World & Nation

Declined table at Mexico City cafe, woman sparks political drama

MEXICO CITY -- Talk about a tough customer.

Indignant that she didn’t get a sidewalk table during the busy lunch hour at a swanky Mexico City bistro, the daughter of a chief federal regulator threatened to call her father and have the place shut down.

Two hours later, according to reports, inspectors from Mexico’s consumer protection agency, known by its Spanish acronym, Profeco, showed up in the trendy Roma district and attempted to close the cafe for alleged “anomalies” in its reservation system and in its offerings of mezcal.


But at Maximo Bistrot, a sort of “local-fare” corner cafe where a sit-down meal can cost about $25, the customers apparently wouldn’t give up their tuna and wine without a fight. Armed with cellphone cameras, diners reportedly accosted and intimidated the inspectors so severely that the government workers fled, unable to halt operations at the cafe.

“All of this due to the dissatisfaction of one girl, to whom I couldn’t give the table she wanted, at the hour she wanted, and well, that’s how things are in this country: People with influence can call their daddy and ruin your afternoon,” Gabriela Lopez, a co-owner of the restaurant, told one news outlet.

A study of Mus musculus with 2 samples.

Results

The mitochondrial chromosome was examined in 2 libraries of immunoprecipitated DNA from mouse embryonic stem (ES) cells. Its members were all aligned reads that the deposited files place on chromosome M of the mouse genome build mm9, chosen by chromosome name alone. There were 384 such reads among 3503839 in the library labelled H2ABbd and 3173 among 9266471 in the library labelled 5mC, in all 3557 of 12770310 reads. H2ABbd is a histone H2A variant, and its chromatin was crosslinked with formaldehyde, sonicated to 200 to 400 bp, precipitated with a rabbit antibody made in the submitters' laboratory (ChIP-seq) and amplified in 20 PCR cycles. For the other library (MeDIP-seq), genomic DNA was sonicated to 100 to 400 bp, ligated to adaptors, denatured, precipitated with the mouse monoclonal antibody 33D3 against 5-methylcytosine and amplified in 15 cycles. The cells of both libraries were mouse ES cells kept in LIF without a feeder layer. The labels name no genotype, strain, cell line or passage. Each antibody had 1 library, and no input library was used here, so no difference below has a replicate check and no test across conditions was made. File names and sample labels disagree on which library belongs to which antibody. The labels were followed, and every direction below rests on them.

The incident was the latest class and corruption scandal to spark up social media in Mexico.

The so-called “Ladies de Polanco” made headlines in 2011 after two women were caught on amateur video berating and assaulting a pair of police officers near one of the fanciest streets in town. Last year, a wealthy businessman was jailed after video emerged of him knocking out the teeth of a valet parking attendant who did not obey him.

The Friday tussle at the Mexico City bistro comes as the public’s honeymoon with the return of the former ruling party has shown increasing signs of cracking. Dissident teachers have blocked highways in Guerrero state and a vote-buying scandal unfolding in Veracruz  threatens to derail a national reform agenda.

Under the Institutional Revolutionary Party, or PRI, which ruled Mexico with a heavy hand for decades and returned to power last year with the election of President Enrique Peña Nieto, connections and privileges related to political appointments were a social norm. Peña Nieto promised “a new PRI,” although most of his Cabinet picks came with extensive experience in previous PRI administrations marked by corruption and abuse.


On Sunday, Andrea Benitez Gonzalez, daughter of the Profeco chief, PRI appointee Humberto Benitez Treviño, apologized on Twitter for any “discomfort” caused by the incident she started at Maximo Bistrot. Her father later followed with his own online apology.

“My sincere apology for the inappropriate behavior of my daughter and the overreaction of my Profeco inspectors,” wrote Humberto Benitez, who served as an attorney general under former PRI President Carlos Salinas de Gortari.

Early Monday, it appeared the “Lady Profeco” drama, as it was quickly dubbed on Twitter, had grown political legs. In a terse statement, a separate federal agency announced it would start an investigation over the Profeco inspection at the cafe, on orders, it said, from the president of the republic.